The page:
I'm Self Employed Because I'm Chronically Ill

Last updated: October 2022

In 2008, I created a plan for how I could become self-employed so I wouldn’t have to worry about losing a job because of my chronic illness.

I dreamed about running a tutoring business, working with students during hours that made sense for my body, and building plenty of time for rest and creative pursuits. It seemed like a pipe dream. Although I was a part-time tutor, I didn’t know how to run a business.

In addition to tutoring, I worked part-time at my grad school’s library. I missed many work days around my cycle, and this pattern worsened until my first and second ablation surgeries. My symptoms improved greatly after those procedures, but I missed two weeks of work each time and had to take a lot of unpaid time off to recover.

Luckily, my partner at the time could cover our bills. But after that experience, I felt guilty for being off work so often and for being out of work and not contributing to the household income (hello, internalized ableism!).

I also realized just how deeply I wanted to work for myself and be able to set my hours rather than being expected to show up at the same time and have the same energy every day.

Being able to structure my own workdays

Fast forward seven years: I took a business class that was essentially an MBA crash course. After hours of stressing over spreadsheets and profit and loss statements, I felt confident that I could leave my part-time job as a marketing coordinator and start my tutoring business.

It’s been seven years since then, and I haven’t looked back. I work four days a week and have a three-day weekend. Although, admittedly, I still need to work on my boundaries around that because admin and prep work often creep into Friday or Sunday.

Having a business has allowed me to schedule time off, set my hours, work during the hours when I can be at my best, and even sometimes work from bed when needed. I’ve even taught some lessons from bed with long-term students with whom I have a good relationship.

Creating a business that accommodates my illness

None of my clients have ever complained about my need for time off for surgery, and they all understand when a migraine attack interferes with my ability to show up for a session.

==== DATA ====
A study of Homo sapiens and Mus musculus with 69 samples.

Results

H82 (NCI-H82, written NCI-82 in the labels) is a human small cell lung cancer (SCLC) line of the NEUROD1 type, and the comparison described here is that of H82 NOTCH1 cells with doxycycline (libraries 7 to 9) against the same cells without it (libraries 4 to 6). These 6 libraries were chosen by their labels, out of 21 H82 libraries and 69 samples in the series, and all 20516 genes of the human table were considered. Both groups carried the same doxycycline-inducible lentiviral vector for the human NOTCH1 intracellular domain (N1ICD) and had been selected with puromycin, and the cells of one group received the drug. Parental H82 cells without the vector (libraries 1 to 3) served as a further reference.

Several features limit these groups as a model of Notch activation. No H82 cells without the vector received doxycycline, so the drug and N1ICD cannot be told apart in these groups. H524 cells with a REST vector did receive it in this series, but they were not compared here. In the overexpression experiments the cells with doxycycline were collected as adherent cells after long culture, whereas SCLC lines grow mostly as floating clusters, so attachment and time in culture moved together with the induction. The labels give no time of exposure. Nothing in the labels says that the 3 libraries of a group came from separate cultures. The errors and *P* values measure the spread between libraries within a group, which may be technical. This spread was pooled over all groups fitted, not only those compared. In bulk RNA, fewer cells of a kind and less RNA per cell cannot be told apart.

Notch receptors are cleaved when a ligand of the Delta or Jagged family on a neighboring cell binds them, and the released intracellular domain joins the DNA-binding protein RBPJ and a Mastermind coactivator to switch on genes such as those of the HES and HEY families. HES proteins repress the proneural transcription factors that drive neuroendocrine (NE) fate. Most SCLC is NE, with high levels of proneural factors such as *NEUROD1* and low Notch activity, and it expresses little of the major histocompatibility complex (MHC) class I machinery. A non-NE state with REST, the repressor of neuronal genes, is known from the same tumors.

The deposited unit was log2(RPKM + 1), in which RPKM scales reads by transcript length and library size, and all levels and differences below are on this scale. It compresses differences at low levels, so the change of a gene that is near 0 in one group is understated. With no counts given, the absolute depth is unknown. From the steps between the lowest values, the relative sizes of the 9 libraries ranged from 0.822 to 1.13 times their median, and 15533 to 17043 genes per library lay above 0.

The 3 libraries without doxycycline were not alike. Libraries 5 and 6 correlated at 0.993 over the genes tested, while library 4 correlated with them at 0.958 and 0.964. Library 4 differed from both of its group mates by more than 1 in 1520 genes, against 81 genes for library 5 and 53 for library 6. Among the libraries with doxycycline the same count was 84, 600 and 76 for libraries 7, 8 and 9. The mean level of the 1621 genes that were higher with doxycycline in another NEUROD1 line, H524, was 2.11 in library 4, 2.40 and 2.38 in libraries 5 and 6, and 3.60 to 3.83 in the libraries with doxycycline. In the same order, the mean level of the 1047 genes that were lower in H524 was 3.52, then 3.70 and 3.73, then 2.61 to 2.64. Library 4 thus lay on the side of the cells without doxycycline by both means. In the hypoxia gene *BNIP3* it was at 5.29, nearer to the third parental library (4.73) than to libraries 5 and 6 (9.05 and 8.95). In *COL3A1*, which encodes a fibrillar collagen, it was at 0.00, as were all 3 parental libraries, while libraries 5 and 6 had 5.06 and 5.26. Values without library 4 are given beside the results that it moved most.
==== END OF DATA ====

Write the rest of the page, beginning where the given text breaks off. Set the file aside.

I find time to make up lessons when I’m feeling better and don’t feel I have to hide my symptoms.

I’m lucky that I have an educational background and skill set that allowed me to create a job with little overhead and flexible hours. Not everyone has that privilege.

My business required no start-up money; I was already tutoring students part-time, and when I was ready to make my business official, I filed the proper paperwork and took on a larger client load. Some businesses require a lot of money upfront and planning to get it off the ground.

If you know you have skills that would translate well into a work-from-home, a self-employed job. I highly encourage you to find your business class and create a job that allows you the same freedoms I enjoy.

There are some downsides: I am single and pay triple for health insurance compared to the plan I could get through an employer because I have high healthcare needs. I must remember to always save for quarterly taxes because I don’t have a traditional paycheck from which taxes are taken each month.

I don’t get paid holidays or paid time off. But I also don’t have a boss or HR department that I have to ask when I need time off. I just take it.

I would not trade my work for anything. I enjoy my work, I love being able to set my hours, and I do not miss commuting.

Maybe you’ll want to consider creating your own business as well.